Paul Jones ...
Mark London ...
William Job ...
Max Bacon ...
James Cossins ...
Frederick Danner ...
Marcus Hooper
Victor Henry ...
Freddie K
Arthur Pentelow ...
Leo Stanley
Steve Kirby ...
Malcolm Rogers ...
Rev. Jeremy Tate
Doreen Mantle ...
Miss Crawford
Timothy Arbutt
The Bishop of Essex


Steven Shorter is the ultimate British music star. His music is listened to by everyone from pre-teens to grandparents. He has no trace of public bad habits or drug involvement. Everyone in Britain loves him. His handlers begin to use his popularity for projects like increasing the consumption of apples after a bumper crop as an aid to farmers. The handlers decide that Steven should support God and Country next. This leads to, among other things, a rock version of "Onward Christian Soldiers," and the inclusion of a Nazi salute to make it clear (to the viewer) how far the British population will be taken for love of God and Country under Steven's guidance. Steven is very plastic in his direction, shifting as his handlers point him toward new projects until he meets Vanessa Ritchie, an artist who makes him look at what's happening. Written by John Vogel {jlvogel@comcast.net}

Plot Summary | Add Synopsis


[Privilege...] is probably the most extraordinary film you will ever see See more »


Comedy | Drama | Music | Sci-Fi







Release Date:

28 February 1967 (UK)  »

Also Known As:

Privileg  »

Company Credits



Sound Mix:



Aspect Ratio:

1.85 : 1


Eric Burdon claimed that he had been cast as Steve Shorter at the time. See more »


Rev. Jeremy Tate: This black card will be issued to you as you leave the Stadium tonight. On it there are three words.They are simple words but they are vital words. They are words which we must now, all of us, begin using because, since the end of the War, we in Britain have become apathetic, slack, loose in our morality. National cohesion has become unimportant to us! We must fight this. We must. Now, all of us begin to use the words on the card! "We will conform."
See more »


Featured in Guide to the Flipside of British Cinema (2010) See more »


Music by Sir Charles Hubert Hastings Parry
Words by William Blake
Arranged by Edward Elgar

Before Britney, there was Steve.
10 December 2001 | by (Seattle) – See all my reviews

Privilege is one of those `lost' rarely screened masterpieces that always seem to end up on some critic's top-ten list, but you almost never know anyone who has seen the film. It is no wonder no one has seen this film – it has never been available on video (except for crummy bootlegs), it's not shown on television any longer and revival theatres have long since forgotten about it. Why?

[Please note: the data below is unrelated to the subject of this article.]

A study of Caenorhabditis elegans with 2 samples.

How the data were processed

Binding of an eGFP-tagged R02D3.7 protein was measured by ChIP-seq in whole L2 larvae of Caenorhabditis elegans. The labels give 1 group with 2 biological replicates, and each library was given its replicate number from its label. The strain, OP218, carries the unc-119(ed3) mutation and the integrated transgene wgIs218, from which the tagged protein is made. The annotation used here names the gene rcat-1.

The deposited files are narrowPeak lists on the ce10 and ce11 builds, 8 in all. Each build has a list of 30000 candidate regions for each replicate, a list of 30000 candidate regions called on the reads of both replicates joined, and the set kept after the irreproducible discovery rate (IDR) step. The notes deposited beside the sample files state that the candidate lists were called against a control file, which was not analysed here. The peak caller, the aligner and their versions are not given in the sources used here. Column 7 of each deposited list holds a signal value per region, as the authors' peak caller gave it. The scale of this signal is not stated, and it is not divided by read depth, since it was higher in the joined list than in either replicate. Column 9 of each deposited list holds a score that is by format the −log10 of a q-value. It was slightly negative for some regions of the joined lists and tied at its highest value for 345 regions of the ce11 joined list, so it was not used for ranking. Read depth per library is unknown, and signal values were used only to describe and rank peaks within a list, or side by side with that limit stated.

Privilege has much more pertinence now than it did back in 1967. Paul Jones (lead singer of Manfred Mann) plays Steve Shorter, a British manufactured rock-n-roll icon, who is shaped and molded into a tool used to sell every product imaginable. In one humorous moment, the British Apple Growers Association, having harvested far too many apples to be sold, hire Steve to do a commercial convincing each British person to eat six apples a day.

To the nation, Steve is a god. A symbol of everything that is pure and good. Steve can do no wrong. Unfortunately, Steve has no mind of his own and is easily led from concert-to-concert, commercial-to-commercial and meeting-to-meeting by his conniving, greedy managers. Everyone wants a piece of Steve. The mere mention of a product from Steve's lips will sway the entire nation's fashion sense – if Steve wears black, the whole country wears black. His managers know this and there is no organization they will not sell him out to.

`The Church', in an act to attract more young members into its congregation, hires Steve to convince the nation's youth to become God-fearing Christians. But, this does not sit well with Steve who is becoming more cognizant of his surroundings through the help of a young artist played by sixties supermodel, Jean Shrimpton.

Privilege, even though rarely shown, is a surreal motion picture every film fanatic and music historian should seek out. With teeny-bop stars like Britney Spears, Christina Aguilera, Mandy Moore, Jessica Simpson and NSYNC sprouting up like so many invasive weeds, Privilege is very worthy of a second look. Hurry, please, before it is too late.